The president took the time retweet a tweet that began with: “President Trump is a ratings hit.” Four hours later, he took the podium for the now-daily White House COVID-19 briefings to address a terrified nation.
Last week, on March 29, President Trump began to retweet a series of tweets. The subject of these tweets was not the COVID-19 epidemic, nor the administration’s plans to flatten the curve—not even a message of hope. Instead, the president took the time retweet a tweet that began with: “President Trump is a ratings hit.” Four hours later, he took the podium for the now-daily White House COVID-19 briefings to address a terrified nation.
Some 24 hours following that briefing, there were 137,047 cases of the novel coronavirus in the United States, with 2,400 deaths. As of press time, there are currently 206,233 confirmed cases of Americans contracting the novel coronavirus, with 4,576 deaths, according to The New York Times. As Trump was boasting about his television ratings, being greater than the season finale of “The Bachelor,” the White House’s coronavirus response coordinator, Dr. Anthony Fauci revealed the U.S. could suffer at least 100,000 to 200,000 deaths from COVID-19.
It was also during this time that the president asserted that such a staggering death toll would be considered a “very good job.”
“You’re talking about 2.2 million deaths, 2.2 million people from this,” Trump said, “And so, if we can hold that down, as we’re saying, to 100,000—that’s a horrible number—maybe even less…we altogether have done a very good job.”
President Trump’s daily briefings, while being a “ratings hit,” have frequently contradicted previous statements he has made. On Feb. 26, Trump said “The 15 (cases in the United States) within a couple of days is going to be down to close to zero.” On Feb. 27, he assured the American people, “One day it’s like a miracle, it will disappear.” On Feb. 28, he called the coming pandemic a hoax.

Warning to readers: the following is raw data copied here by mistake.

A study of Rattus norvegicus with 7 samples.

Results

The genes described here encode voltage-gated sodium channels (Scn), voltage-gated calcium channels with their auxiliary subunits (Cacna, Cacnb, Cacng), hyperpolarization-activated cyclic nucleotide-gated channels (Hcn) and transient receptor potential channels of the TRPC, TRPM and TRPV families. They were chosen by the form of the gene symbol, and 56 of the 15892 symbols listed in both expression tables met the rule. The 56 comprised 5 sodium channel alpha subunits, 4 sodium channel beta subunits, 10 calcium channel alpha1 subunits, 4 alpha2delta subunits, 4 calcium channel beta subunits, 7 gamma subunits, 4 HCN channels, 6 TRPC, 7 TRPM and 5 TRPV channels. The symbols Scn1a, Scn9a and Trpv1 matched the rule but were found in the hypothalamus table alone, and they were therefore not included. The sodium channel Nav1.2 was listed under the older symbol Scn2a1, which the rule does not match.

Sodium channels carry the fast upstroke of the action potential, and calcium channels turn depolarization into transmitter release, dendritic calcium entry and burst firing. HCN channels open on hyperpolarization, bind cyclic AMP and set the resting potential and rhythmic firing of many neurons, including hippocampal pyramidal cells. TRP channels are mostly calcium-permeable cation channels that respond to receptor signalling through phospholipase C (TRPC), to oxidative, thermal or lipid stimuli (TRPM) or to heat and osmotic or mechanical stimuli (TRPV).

With the possibility of so many casualties, President Trump’s previous statements are worrisome. It forces you to question any hopeful statement the president makes during his daily briefings.
When questioned by reporters during such press conferences, President Trump has often taken the offensive. On March 29, he took issue with a line of questioning from “PBS NewsHour” White House correspondent Yamiche Alcindor. Alcindor questioned the president about a statement he previously made to Fox News’ Sean Hannity, in which Trump said, “I don’t believe you need 40,000 or 30,000 ventilators, but city and state officials say they require far more than the administration is providing.” Trump denied he made such a statement before going on the offensive against Alcindor.
“Why don’t you act a little more positive?” Trump asked her. “It’s always get ya, get ya, get ya. You know what? That’s why nobody trusts the media anymore.”
I was a child when 9/11 happened. I can so easily recall the feeling of reassurance then-President George W. Bush gave the nation. His approval rating skyrocketed in the wake of the attacks because of his leadership through such hard times. However, we never heard about television ratings from President Bush. We did not watch President Bush lament the media and attack journalists.
In 2001, when the nation needed it most, we had a leader as president. Now, we have a reality star as president, and it is the worst episode of “The Apprentice” I have ever seen.